Maverick Citizen


Eastern Cape Department of Health in legal bid to halt lump sum payouts for medical negligence

Eastern Cape Department of Health in legal bid to halt lump sum payouts for medical negligence
Dora Nginza Hospital, the main maternity unit for the western side of the Eastern Cape, is one of the hospitals facing a high number of medico-legal claims. (Photo: Shiraaz Mohamed)

Contingent liability, made up almost entirely of medico-legal claims against the department, has soared beyond R37bn.

Lawyers for the Eastern Cape Department of Health are preparing an urgent application to stop millions of rands in lump sum payouts.

Department spokesperson Sizwe Kupelo confirmed that this is the plan, saying that it is the provincial government which is bringing the application.

Kupelo, a veteran spokesperson in the department, warned 11 years ago that medico-legal claims would bring the department to its knees.

The spokesperson for the Eastern Cape Treasury, Pumelele Godongwana, said the provincial government is implementing a multipronged strategy to “arrest the problem” that is brought about by medico-legal claims.

“The strategy fundamentally is dealing with legal, administrative, financial and clinical issues. At the moment we are not in the position to talk about the actions that we are undertaking but at the right time we will,” he said.

The application is similar to one brought by the Road Accident Fund this year to halt millions of rands in payouts pending an investigation into duplicate payouts.

Kupelo confirmed that this was the plan and said that it was a collective effort. He said it was “impossible” for the health department to budget for these medico-legal claims as they amounted to irregular spending.

Earlier this year when the then Minister of Health Dr Zweli Mkhize, who has since been placed on special leave, visited Nelson Mandela Bay, the Department of Health told him it would run out of “operational funds” by July.

Kupelo said they still have some money and can also rely on tertiary grants (for the appointment and payment of specialists).

But Godongwana said, based on their reports, they were not aware that the Department of Health was “days away from finishing their budget”.

Last month the Democratic Alliance’s Jane Cowley called for the department to be placed under administration.

She said the financial status of the department was no longer sustainable and the collapse of the entire department is inevitable.

“Contingent liability, made up almost entirely of medico-legal claims against the department, has soared beyond R37-billion, while accruals of R4.06-billion from the previous financial year have drained the goods and services budget almost dry.” 

She said calls for a financial recovery plan, with input from the provincial and national treasuries, to “curb irregular expenditure and reduce the cost of a bloated administration” had fallen on deaf ears.

While the Eastern Cape MEC for Health, Nomakhosazana Meth, this week announced that the department was embarking on a recruitment drive, the latest available figures are that specialist vacancy rates at two of the province’s tertiary hospitals, Frere and Livingstone, were 65.6% and 44.8%, respectively. In May, medical officer vacancy rates at Dora Nginza Mental Health Unit and Fort England Hospital stood at 50% and 60%, respectively.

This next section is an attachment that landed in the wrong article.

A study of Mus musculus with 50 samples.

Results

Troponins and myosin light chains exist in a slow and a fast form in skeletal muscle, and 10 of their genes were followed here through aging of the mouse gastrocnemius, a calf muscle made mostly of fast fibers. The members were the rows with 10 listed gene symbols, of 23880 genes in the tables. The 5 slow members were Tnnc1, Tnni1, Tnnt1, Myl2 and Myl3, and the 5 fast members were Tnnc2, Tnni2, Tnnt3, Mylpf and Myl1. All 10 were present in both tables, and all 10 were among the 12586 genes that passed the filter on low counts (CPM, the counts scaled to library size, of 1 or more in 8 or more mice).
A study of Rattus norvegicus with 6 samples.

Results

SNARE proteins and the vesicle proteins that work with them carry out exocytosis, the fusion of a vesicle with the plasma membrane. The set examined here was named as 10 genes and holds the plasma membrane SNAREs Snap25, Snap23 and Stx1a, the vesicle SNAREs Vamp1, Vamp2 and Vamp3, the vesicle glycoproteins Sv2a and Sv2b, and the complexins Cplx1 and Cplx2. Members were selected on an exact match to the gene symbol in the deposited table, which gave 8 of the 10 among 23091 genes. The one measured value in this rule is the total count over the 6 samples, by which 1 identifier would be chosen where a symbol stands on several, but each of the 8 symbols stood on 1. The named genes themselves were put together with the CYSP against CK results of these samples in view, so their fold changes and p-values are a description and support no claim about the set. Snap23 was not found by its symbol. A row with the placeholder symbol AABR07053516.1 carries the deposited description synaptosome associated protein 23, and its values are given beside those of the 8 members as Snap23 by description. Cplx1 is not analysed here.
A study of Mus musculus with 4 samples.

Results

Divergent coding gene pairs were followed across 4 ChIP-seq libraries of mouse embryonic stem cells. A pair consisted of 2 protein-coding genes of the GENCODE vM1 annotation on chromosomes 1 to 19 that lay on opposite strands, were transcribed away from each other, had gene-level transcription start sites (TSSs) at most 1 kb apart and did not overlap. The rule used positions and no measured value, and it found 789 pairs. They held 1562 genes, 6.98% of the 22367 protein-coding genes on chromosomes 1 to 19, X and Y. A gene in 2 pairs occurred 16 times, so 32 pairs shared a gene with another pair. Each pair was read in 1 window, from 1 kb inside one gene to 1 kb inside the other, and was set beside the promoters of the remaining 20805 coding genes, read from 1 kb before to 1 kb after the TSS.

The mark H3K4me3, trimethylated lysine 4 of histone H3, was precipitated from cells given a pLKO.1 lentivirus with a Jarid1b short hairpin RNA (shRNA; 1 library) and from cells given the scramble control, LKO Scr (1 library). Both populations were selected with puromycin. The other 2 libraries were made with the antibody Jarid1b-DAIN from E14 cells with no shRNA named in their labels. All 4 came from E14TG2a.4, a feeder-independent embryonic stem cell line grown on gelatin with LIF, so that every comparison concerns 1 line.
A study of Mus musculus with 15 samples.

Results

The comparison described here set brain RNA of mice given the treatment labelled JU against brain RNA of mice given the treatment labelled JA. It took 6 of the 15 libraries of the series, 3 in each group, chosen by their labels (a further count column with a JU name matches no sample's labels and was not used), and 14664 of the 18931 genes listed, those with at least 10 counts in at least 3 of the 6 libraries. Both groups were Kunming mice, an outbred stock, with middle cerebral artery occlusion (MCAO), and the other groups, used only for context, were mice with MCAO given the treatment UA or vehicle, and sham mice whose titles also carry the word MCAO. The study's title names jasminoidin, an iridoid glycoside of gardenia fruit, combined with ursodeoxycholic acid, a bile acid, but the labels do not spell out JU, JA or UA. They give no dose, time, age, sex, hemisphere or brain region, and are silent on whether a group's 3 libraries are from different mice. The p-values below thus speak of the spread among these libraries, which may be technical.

“While delinquent directors and millionaire managers live the VIP life, mental health patients are left to live or die on the streets because there are no beds or psychiatrists to care for them. They die because the department does not employ enough medical personnel,” Cowley said.

The province spends 80% of its budget on salaries, of which 20% (R3.4-billion) is for non-medical personnel.

Meth said that over the next couple of weeks and months, the department will be shortlisting, interviewing and appointing people into critical positions that have been left vacant because of budgetary constraints.

“We cannot have a situation where doctors and nurses have to see and treat too many people, or have a shortage of cleaners and porters because in order for us to provide a more professional, effective and efficient service, we need everyone to play their part.

“We are continuously working towards addressing medico-legal claims, but we cannot put the filling of vacancies on hold… because when you have a staff shortage, those who are at work will be overworked, burnt out and stale, which will inevitably lead to mistakes. That is just logic.”

She said the positions that have been advertised include clinical unit head (psychiatry) medical specialists, chief artisans, operational managers, occupational therapists, diagnostic radiographers, dieticians, EMS shift leaders, pharmacy assistants, emergency care officers and dental assistants.

The department has also extended the contracts of 2,949 Covid-19 contract appointments for a further five months, ending on 30 November 2021.

Meth said the fixed-term contracts of 55 employees for the Cecilia Makiwane Hospital’s newly built 100-bed Siemens-donated ward in Mdantsane have been extended for nine months until 31 March 2022. DM/MC


Comments - Please in order to comment.

  • Glenn Muller says:

    Administration and document control is one of the most important elements in curbing the medico-legal claims. Record controls concerning State Attorney files, Court files as well as medical records is the key to unlocking the excessive claims. Achieve this, you attain accountability, build capacity to defend matters.